Centrist MEPs ask Romanian leaders why they oppose changing EU treaties

The centrist party USR (Renew) delegation to the European Parliament asked Romanian President Klaus Iohannis and Prime Minister Nicolae Ciuca to explain why Romania joined 12 other member states that oppose EU reform. [EPA-EFE/ROBERT GHEMENT]

The centrist party USR (Renew) delegation to the European Parliament asked Romanian President Klaus Iohannis and Prime Minister Nicolae Ciuca to explain why Romania joined 12 other member states that oppose EU reform.

“Romanian people have often complained that the European Union is too bureaucratic, decisions are taken with difficulty, and the institutional system is too complicated. The changes proposed by the Conference on the Future of Europe are really aiming to simplify and adapt the EU to the citizens’ requirements,” said Dacian Ciolos, who, as chair of the Renew Europe group in the European Parliament, was among the conference’s supporters in 2019.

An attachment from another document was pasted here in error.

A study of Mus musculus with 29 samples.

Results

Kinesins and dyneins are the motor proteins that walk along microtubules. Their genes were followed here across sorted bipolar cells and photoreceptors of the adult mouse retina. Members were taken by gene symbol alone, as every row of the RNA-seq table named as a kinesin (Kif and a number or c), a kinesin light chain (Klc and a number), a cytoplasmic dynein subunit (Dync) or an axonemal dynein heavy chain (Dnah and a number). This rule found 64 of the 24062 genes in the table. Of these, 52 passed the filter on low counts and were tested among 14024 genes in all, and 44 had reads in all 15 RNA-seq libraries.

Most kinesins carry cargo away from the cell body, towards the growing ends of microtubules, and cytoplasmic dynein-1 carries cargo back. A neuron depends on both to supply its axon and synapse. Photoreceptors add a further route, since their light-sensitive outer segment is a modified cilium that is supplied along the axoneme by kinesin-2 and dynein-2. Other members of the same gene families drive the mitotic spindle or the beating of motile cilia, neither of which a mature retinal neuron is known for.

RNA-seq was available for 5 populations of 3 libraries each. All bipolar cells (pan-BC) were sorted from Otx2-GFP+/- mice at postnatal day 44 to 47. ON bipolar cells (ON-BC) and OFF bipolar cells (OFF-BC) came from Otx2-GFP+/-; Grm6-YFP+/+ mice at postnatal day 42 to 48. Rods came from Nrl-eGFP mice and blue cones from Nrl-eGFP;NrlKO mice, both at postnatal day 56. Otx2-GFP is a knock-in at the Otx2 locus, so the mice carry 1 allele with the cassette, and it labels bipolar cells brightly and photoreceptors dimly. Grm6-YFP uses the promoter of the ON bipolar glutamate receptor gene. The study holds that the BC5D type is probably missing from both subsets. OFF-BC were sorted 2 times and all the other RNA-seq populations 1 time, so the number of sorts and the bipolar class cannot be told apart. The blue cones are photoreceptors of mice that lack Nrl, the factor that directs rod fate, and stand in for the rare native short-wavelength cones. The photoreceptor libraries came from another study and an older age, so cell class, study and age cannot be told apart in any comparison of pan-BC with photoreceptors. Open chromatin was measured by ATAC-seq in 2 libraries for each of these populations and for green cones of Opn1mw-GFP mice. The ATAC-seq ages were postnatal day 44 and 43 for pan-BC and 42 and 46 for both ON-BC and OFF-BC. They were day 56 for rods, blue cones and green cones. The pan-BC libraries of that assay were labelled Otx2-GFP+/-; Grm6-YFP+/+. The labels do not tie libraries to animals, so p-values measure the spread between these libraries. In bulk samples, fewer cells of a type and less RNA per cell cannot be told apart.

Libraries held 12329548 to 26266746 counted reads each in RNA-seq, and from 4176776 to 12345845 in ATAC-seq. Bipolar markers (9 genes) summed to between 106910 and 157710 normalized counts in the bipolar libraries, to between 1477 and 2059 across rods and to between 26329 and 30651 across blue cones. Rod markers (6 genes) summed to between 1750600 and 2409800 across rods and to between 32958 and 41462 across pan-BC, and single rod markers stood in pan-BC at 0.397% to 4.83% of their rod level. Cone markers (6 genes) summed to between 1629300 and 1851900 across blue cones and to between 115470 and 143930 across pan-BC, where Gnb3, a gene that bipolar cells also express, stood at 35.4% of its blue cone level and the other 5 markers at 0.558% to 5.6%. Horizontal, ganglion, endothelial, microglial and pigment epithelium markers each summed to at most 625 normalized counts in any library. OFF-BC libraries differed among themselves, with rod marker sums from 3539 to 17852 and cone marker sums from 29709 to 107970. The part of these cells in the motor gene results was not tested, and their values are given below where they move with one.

Ciolos said he was surprised to find out that Romania opposes some changes to the EU structure to its advantage, like increasing the EU’s competencies on healthcare and simplifying EU decision-making.

Thirteen EU member states, including Romania, other Central and Eastern Europe countries, and the Nordics, launched a non-paper about potential changes to the EU treaties, saying that “Treaty change has never been a purpose of the Conference”.

“We do not support unconsidered and premature attempts to launch a process towards Treaty change,” the states said, adding that there is no “need to rush into institutional reforms in order to deliver the results” expected by the citizens that participated in the Conference. These states, however, do not exclude a further evaluation of EU institutions and the decision-making process and say the ideas put forward by European citizens deserve “serious follow-up”.